News•May 3, 2016
Paris Pact Could Benefit From Halt of Fossil Fuel Leases
By Bobby Magill
Phasing out federal coal, oil and gas leasing on public lands in the U.S. could make a small but significant contribution toward the international goal of keeping global warming to 2°C (3.6°F), according to a paper published Tuesday by the Stockholm Environment Institute.
Shutting down all federal oil, gas and coal leasing would lead to a long-term decline in fossil fuels production nationwide, resulting in annual global carbon dioxide emissions reductions of 100 million metric tons by 2030, roughly equivalent to Virginia’s annual carbon emissions from energy consumption, according to the paper.
A drilling rig exploring for natural gas in Colorado's Piceance Basin in 2013.
Credit: Bobby Magill/Climate Central
“That’s a substantial climate benefit, on a par with the emissions reductions from other Obama administration climate policies, such as medium-heavy duty vehicle efficiency standards or regulations on methane from oil and gas,” said paper co-author Michael Lazarus, senior scientist at the Stockholm Environment Institute, a nonprofit sustainability research organization affiliated with Tufts University.
Fossil fuel leasing — the process that allows energy companies to drill and mine for oil, gas and coal on land and waters controlled by the federal government — has become a significant climate policy issue as scientists and activists urge the government to “keep it in the ground” to stop fossil fuel development from worsening climate change.
The Obama administration has already halted coal leasing on federal lands — the source of about 40 percent of all U.S. coal — while it brings the federal coal program in line with government climate policy. Oil and gas leasing continues on federal land and waters, mainly in the Gulf of Mexico.
Most fossil fuels development occurs on private land across the U.S. Federal leases are the source of about 21 percent of U.S. crude oil production and 11 percent of U.S. natural gas. U.S. fossil fuel production is expected to increase by 11 percent by 2040.
“The Department of the Interior is committed to safely and responsibly managing the development of oil and gas on public lands in a way that continues to meet our nation's energy needs while advancing renewable forms of energy,” Interior Dept. spokeswoman Amanda Degroff said Tuesday.
The Obama administration’s vehicle efficiency standards aim to cut carbon dioxide emissions by 60 million metric tons annually, and methane regulations are expected to cut emissions by 13 million tons. By contrast, the Clean Power Plan, the administration’s strategy to slash emissions from coal-fired power plants, would cut annual carbon emissions by 730 million metric tons, the same as about 150 million cars.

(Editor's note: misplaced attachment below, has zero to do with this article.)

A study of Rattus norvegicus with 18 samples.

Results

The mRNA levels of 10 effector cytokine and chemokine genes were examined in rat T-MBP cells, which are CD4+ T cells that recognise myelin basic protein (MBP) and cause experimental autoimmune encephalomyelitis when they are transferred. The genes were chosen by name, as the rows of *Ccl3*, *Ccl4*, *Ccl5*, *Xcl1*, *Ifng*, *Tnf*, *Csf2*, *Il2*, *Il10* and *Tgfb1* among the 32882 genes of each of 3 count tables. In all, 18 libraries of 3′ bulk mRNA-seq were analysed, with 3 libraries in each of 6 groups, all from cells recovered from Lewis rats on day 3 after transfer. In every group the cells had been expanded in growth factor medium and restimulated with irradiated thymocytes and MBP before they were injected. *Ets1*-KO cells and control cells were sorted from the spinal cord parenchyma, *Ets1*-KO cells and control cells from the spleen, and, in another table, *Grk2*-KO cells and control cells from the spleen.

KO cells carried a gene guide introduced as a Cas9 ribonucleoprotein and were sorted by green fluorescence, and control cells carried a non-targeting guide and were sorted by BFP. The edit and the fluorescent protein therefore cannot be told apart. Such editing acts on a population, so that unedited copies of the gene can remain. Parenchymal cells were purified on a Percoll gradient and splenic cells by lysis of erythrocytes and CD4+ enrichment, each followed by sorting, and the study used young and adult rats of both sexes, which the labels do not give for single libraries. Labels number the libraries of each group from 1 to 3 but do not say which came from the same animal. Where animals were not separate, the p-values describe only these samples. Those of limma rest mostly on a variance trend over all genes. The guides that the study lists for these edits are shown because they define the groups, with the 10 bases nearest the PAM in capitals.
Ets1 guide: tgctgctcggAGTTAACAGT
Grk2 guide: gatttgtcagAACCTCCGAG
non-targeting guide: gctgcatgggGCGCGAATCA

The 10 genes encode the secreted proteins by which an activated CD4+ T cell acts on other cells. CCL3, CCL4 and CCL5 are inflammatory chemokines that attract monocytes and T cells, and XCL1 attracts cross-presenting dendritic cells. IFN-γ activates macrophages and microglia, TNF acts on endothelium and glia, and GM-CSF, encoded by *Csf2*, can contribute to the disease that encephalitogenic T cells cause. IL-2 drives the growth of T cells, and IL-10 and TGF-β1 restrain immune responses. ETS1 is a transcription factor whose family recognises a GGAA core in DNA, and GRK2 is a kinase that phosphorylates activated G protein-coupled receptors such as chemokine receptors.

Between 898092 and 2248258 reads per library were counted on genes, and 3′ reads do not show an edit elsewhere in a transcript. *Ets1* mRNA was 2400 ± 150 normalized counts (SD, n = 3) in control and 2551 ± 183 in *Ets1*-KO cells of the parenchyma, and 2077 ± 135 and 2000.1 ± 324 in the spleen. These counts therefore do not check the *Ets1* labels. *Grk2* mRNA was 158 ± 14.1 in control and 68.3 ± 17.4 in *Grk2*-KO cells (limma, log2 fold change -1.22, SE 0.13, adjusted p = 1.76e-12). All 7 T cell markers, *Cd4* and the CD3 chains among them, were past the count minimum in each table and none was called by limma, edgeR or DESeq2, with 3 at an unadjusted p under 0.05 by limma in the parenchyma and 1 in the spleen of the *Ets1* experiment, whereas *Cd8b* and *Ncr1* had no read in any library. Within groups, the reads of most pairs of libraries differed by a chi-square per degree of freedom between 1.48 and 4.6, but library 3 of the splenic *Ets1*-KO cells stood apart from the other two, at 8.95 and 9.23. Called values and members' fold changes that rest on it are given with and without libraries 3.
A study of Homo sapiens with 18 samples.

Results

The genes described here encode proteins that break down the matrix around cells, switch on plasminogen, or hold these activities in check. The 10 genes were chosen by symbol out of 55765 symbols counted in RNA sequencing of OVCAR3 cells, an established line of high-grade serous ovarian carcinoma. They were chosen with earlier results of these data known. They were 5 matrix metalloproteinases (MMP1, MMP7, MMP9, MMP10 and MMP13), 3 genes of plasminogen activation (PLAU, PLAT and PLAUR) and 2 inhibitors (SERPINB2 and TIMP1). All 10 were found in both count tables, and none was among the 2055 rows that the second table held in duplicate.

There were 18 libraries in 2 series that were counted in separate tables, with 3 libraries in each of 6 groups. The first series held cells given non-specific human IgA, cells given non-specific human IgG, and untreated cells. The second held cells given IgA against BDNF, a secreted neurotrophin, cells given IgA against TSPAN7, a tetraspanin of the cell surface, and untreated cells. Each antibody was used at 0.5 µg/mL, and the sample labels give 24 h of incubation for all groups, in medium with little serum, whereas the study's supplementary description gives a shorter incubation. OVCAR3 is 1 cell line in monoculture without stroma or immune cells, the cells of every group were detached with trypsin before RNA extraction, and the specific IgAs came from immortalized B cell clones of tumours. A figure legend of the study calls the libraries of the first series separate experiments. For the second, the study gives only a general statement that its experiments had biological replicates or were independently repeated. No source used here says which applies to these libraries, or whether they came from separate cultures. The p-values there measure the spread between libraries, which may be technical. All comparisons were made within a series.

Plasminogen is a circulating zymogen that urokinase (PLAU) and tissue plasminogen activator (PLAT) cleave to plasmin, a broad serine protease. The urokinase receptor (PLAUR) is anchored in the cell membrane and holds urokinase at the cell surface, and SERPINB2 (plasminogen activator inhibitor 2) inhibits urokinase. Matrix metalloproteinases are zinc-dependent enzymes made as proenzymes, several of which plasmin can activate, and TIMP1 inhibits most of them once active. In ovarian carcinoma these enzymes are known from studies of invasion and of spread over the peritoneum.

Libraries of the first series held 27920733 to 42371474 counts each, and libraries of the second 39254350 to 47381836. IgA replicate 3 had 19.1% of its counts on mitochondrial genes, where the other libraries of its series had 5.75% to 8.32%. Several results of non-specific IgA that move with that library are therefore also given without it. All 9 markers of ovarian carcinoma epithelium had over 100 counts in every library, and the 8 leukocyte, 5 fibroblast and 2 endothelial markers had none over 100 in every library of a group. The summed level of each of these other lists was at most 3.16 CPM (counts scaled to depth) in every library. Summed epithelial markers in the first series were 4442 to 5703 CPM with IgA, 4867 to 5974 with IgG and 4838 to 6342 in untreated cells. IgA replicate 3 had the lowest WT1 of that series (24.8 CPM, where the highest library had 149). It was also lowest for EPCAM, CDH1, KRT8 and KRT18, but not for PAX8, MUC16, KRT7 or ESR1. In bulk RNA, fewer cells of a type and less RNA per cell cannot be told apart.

Lazarus said the most effective emissions reduction strategy will likely involve reductions in both fossil fuel supply and demand.
Equipment on a federal oil and gas lease in San Miguel County, Colo.
Credit: Bobby Magill/Climate Central
“By taking actions to curb investment in future fossil fuel supply infrastructure, federal policymakers could limit carbon lock-in, limit the potential for asset stranding and complement the policies needed to reduce fossil fuel use such as the Clean Power Plan,” the paper says.
Lazarus said his team’s research shows that the case for phasing out natural gas leasing isn’t nearly as strong as the case for phasing out oil and coal leasing because natural gas helps displace coal in many places.
Natural gas, which emits roughly half the carbon dioxide as coal when used to generate electricity, has been steadily replacing coal as the nation’s primary source of fuel for electric power production.
Scientists unaffiliated with the paper commended the research, but said other steps should be taken to curb emissions stemming from fossil fuels development on public lands.
Jayni Hein, policy director for the Institute for Policy Integrity at NYU. said the government should evaluate many ways of reforming fossil fuel leasing in addition to assessing the environmental impact of its coal program.
“The government could set a ‘carbon budget’ for federal lands based on what is needed to meet Paris commitments and adjust the fiscal terms or leasing policies for federal fossil fuels in order to meet that budget,” Hein said.
Rob Jackson, a Stanford University earth systems science professor, cautioned that the federal government is unlikely to halt oil and gas leasing anytime soon.
“Still, it’s useful to think about what the federal government can do independent of the states, which control the most oil and gas production,” he said.